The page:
South West News

Biggest of the Big Cats Arrives at Longleat

A pair of Amur tigers – the largest type of big cat in the world – has arrived at Longleat.

The tigers, a male from Norway and a female from Sweden, are part of a European breeding programme for the endangered sub-species.It is hoped the pair, who are both three years old and captive bred, will eventually have cubs of their own.

Native to the far east of Russia, the Amur tiger can weigh up to 300 kg and measure more than three metres in length.

“The tigers’ arrival went very smoothly and both are in excellent condition,” said keeper Amy Waller.

“Initially we are keeping them physically separated from each other as they settle in and become familiar with each other. The next stage is getting them to share the enclosure together.  

“The female is called Yana but the male is currently, rather unimaginatively, named Amur so one of our first tasks will be deciding on a new name for him.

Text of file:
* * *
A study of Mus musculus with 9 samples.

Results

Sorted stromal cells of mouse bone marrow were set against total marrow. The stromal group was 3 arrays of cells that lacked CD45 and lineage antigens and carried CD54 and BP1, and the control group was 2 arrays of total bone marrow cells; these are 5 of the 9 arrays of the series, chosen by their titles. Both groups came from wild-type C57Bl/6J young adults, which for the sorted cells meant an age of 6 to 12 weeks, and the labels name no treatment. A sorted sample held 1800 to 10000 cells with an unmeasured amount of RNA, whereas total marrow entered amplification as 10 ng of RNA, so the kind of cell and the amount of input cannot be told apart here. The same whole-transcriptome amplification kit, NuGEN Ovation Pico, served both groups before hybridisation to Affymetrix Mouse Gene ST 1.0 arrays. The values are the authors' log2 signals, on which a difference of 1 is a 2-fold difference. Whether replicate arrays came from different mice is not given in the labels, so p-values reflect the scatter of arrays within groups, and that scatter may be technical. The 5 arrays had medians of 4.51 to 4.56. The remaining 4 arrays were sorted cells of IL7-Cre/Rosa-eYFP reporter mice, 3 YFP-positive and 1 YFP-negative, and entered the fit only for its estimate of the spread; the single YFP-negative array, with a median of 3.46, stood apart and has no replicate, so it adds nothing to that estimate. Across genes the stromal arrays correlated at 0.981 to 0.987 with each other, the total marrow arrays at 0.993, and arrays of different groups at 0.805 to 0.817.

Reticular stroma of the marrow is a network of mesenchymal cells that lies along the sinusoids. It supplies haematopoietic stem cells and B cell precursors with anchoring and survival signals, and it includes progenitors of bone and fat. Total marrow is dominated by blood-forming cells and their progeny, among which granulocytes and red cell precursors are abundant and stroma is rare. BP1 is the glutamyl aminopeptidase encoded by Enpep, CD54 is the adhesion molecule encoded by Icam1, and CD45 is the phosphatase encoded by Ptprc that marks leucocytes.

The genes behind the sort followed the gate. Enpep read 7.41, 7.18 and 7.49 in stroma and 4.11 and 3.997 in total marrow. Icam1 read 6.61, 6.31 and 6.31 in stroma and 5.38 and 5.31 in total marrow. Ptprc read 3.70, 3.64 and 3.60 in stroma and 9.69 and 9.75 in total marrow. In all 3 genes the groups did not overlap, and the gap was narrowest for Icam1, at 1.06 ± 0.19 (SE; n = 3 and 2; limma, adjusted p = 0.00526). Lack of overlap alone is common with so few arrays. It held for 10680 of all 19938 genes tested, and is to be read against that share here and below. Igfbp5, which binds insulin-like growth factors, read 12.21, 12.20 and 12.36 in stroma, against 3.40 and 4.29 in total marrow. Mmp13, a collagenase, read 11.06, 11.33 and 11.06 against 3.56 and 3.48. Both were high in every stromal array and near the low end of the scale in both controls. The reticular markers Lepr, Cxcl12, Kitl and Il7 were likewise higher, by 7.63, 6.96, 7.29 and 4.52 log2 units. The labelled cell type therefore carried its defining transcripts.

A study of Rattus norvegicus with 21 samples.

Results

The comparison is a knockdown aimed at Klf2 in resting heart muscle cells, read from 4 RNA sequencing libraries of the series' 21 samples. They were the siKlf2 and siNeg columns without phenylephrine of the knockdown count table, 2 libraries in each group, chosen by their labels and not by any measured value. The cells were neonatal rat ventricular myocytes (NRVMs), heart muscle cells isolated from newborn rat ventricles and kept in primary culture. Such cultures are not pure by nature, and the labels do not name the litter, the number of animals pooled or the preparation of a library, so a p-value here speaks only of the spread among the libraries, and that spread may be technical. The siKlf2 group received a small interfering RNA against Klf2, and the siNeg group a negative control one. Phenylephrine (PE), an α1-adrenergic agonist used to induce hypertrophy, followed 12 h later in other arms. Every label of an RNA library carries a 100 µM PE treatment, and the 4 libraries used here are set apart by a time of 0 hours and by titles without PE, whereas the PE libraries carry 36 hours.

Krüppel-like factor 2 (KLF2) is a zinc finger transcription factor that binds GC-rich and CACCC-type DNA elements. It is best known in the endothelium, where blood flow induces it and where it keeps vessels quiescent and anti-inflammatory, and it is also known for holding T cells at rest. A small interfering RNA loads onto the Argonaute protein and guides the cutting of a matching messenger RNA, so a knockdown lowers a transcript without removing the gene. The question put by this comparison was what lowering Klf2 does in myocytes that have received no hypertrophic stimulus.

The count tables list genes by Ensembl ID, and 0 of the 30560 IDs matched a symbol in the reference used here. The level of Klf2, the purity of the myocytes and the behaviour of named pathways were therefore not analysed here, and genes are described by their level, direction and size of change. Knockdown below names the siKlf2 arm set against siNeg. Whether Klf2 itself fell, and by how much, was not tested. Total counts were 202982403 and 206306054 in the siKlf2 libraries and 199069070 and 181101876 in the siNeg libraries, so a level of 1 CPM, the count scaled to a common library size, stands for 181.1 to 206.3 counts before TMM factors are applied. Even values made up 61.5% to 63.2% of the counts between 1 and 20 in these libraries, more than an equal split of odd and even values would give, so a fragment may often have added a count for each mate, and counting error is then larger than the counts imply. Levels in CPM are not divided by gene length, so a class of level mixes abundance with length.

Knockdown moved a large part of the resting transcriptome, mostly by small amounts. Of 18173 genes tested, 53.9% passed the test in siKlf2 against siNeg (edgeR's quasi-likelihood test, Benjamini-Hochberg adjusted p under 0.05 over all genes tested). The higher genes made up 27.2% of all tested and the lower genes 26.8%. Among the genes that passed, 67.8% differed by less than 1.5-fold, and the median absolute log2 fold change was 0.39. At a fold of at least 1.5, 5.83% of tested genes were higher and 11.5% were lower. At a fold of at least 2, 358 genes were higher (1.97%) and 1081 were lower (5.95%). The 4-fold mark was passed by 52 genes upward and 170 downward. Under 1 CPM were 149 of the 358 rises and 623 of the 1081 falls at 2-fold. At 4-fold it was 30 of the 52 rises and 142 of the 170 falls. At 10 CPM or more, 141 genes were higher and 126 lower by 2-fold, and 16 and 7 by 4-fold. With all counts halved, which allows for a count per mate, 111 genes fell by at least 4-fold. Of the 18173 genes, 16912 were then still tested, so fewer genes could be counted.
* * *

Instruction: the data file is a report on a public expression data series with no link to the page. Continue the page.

“Everyone is extremely excited to have them here and hopefully, in time, to help boost the numbers of these extraordinary animals,” she added. 

In the 1930s the tigers had nearly died out due to hunting and logging. At one stage it is thought the population fell as low as just 20–30 animals. Although they are still under severe threat their status was officially changed from Critically Endangered to Endangered in 2007. 

Wildlife experts believe the current population of around 540 individuals is the highest for more than a century.

There were once nine tiger subspecies, but three – the Bali, Caspian and Javan - became extinct during the 20th century.